Fakesmile

I heard that a 3.7 is good for US students applying at US schools, but it's not for Can students who want to go to US schools. How much more should Can students have to be in terms of GPA, MCAT, EC's?
 

I heard that a 3.7 is good for US students applying at US schools, but it's not for Can students who want to go to US schools. How much more should Can students have to be in terms of GPA, MCAT, EC's?
I keep seeing Canadians post here bemoaning the difficulty of Canadian med school admissions. However, according to my 2007-2008 MSAR Canadian schools don't seem all that picky. Here are some median Canadian MCAT scores: Western Ontario - 29; Memorial of Newfoundland - 27; University of Calgary - 31; University of Manitoba - 31; University of Saskatchewan - 24. Some of the lesser schools like Northern Ontario won't even publish their MCAT scores.

What is the deal here?
 

stixx


If you have a 14/8/15 O and a 3.65 you'd be qualified for a quite a few schools in the US, but you'd get rejected pre-interview from most schools in Canada. On top of that you've got Multiple Mini Interviews, fairly rigid checklists for ECs, etc.
 

Fakesmile



If you have a 14/8/15 O and a 3.65 you'd be qualified for a quite a few schools in the US, but you'd get rejected pre-interview from most schools in Canada. On top of that you've got Multiple Mini Interviews, fairly rigid checklists for ECs, etc.
It's quite unusual for a student to be that good at sciences (14 PS and 15 BS) and that bad at English (an 8 and an O). Is that the only case (doing really well on some sections of the MCAT and badly on one) where a student would be more qualified for US med schools than Canadian ones?

What are these "cutoffs"?
 

FlowLimited

 

Tecmo Superbowl


What are these "cutoffs"?
Quite unusual? I've seen several students with scores very high on the science sections and then much lower on the VR section. I feel like this happens quite often. I've seen 15, 15, and then 9VR.
 

87138



Agreed. It's very usual for people to do extremely well on the sciences and fall short in the verbal. Head on over to the MCAT forum to see what I'm talking about.

It's not a big leap in reasoning to assume some science-oriented people aren't gonna do so well on verbal.
 

mca


What is the deal here?
The published info in MSAR is a little bit off. The University of Western Ontario, for instance has an MCAT cut-off of 30 so no one with an MCAT score below 30 will be offered an interview. I don't know where you got the 29 from. Furthermore, there are individual cut-offs for each sub-section of the MCAT including the writing sample. I got a 34 P (11, 12, 11 P) so I would not be offered an interview because they have a writing sample cutoff of Q.

I think the main thing to keep in mind is that there are *no* private medical schools in Canada. Imagine if you lived in California and the only option made available to you was going to a UC school.
 

chocolaterie


What is the deal here?
on average you have 4 students applying for each spot in a Canadian medical school compared to 2 applicants applying to each spot in a US med school. I think it boils down to competition - that and price. NOSM doesn't publish MCAT scores because they do not require the MCAT, however if you visit their site they have only accepted applicants from rural/Northern Ontario/Native American/Francophone students. NOSM was created to address the physician shortage in rural Canada (mostly).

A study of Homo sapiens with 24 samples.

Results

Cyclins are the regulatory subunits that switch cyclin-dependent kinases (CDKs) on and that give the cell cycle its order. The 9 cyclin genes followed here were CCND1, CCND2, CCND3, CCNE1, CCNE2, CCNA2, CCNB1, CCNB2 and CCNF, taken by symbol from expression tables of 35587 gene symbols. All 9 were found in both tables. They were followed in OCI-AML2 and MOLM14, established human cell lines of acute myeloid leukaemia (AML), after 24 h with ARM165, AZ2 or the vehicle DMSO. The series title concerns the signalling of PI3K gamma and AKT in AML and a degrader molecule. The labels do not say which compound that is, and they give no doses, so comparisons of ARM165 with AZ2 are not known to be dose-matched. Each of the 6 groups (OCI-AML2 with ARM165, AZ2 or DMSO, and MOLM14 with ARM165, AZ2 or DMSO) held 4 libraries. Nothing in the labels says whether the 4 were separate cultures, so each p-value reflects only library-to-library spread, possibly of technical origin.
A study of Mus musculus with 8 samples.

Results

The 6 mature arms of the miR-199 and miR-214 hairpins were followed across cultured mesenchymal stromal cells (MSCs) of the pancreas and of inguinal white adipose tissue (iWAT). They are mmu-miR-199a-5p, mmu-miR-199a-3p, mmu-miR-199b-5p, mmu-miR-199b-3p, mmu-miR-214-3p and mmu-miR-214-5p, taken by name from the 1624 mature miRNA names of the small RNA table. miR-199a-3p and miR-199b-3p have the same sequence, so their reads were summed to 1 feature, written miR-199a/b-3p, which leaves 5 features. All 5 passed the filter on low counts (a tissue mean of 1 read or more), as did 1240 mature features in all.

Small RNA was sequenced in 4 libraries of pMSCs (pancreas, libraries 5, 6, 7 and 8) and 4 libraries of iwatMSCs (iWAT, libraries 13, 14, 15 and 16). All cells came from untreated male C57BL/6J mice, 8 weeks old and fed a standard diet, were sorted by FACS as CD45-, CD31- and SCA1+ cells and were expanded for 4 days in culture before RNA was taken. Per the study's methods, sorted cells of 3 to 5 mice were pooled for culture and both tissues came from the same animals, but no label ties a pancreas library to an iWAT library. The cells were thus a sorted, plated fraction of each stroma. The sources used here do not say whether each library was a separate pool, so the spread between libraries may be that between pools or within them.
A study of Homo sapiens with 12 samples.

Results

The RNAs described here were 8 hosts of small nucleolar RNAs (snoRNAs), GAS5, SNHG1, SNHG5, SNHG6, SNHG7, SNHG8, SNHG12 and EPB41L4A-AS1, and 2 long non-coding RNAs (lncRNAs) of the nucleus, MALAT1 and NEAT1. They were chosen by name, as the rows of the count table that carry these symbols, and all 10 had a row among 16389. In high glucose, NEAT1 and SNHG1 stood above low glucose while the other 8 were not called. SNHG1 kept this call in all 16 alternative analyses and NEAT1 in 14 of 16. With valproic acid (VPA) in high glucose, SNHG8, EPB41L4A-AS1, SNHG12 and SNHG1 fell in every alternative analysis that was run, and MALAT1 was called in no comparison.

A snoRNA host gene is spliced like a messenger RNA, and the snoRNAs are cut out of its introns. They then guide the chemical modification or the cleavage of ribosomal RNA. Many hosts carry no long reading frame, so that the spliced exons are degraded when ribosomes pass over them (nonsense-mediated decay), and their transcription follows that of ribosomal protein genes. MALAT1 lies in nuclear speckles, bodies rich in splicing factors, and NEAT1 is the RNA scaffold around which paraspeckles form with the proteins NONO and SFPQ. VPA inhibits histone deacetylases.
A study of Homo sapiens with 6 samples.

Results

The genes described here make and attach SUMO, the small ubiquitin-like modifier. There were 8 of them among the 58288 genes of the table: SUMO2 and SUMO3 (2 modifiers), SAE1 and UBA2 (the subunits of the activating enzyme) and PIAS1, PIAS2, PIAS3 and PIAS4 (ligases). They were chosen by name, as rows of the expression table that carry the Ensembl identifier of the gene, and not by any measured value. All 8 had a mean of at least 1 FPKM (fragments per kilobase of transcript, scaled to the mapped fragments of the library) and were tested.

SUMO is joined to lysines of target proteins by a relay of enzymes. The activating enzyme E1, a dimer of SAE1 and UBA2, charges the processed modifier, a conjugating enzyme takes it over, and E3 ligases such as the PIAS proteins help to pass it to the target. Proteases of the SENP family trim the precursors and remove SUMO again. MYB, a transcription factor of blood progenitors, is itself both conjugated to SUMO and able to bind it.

In response to the OP, I think you would have better luck researching individual schools (only because they can vary a great deal). Of course you'll be applying as an international student, so it would be in your best interest to go above any average stats posted. But I think you will also want to keep in mind the cost of out of state tuition and any additional costs you might incur.

I'm actually a CDN citizen with US permanent residency, if you have any other questions feel free to send me a message.
 

Vihsadas


Canadian shcools are harder to get into...mostly because the "in-state" ratios at a lot of schools are in the 90% range. (Yes, 90% of students selected will be "in-state"). That combined with the cutoffs, less schools and the larger number of students applying per spot makes Canada a hellish place for medical school admissions. It boils down to the fact that most people here have only 1-2 schools with a realistic shot of being interviewed at. If you don't get into one of those two schools you're probably out of luck. In the US, with so many more US schools, and more importantly, many more private schools, the guy that doesn't get into his state school still probably has a decent shot a 5-6 other schools. In Canada, there are only about 15 schools total.

A good analogy would be:
Imagine being limited to apply to 15 schools total, where you are required to apply to all California schools counting in those 15, and you're an OOS.

To answer the OPs question, you don't actually have to be that much better. a 3.7-3.9 w/ a 33+ might get you looked at, at a few private shcools that accepts Canadians. (Think Wayne State). If you have a 3.7+ and a 35+ with everything else solid and a personable attitude, you have a decent shot. It's worth applying if you know which schools actually consider Canadian students.
 

Tecmo Superbowl


If U.S. admissions committees can get past these two down falls in Canadian applicants, then you should have a chance.

I think this is the reason why it's harder to get into U.S. schools for Canadians.
 

Retsage


What is the deal here?

Provincial status. If you come from Saskatchewan, Manitoba, Alberta, Newfoundland, etc., you can get into your province's school fairly easily. If, on the other hand, you're from Ontario, where we get no special in-province status, but still can't apply to OOP schools because there's no point (McGill, for example, takes more international students than it does OOP students).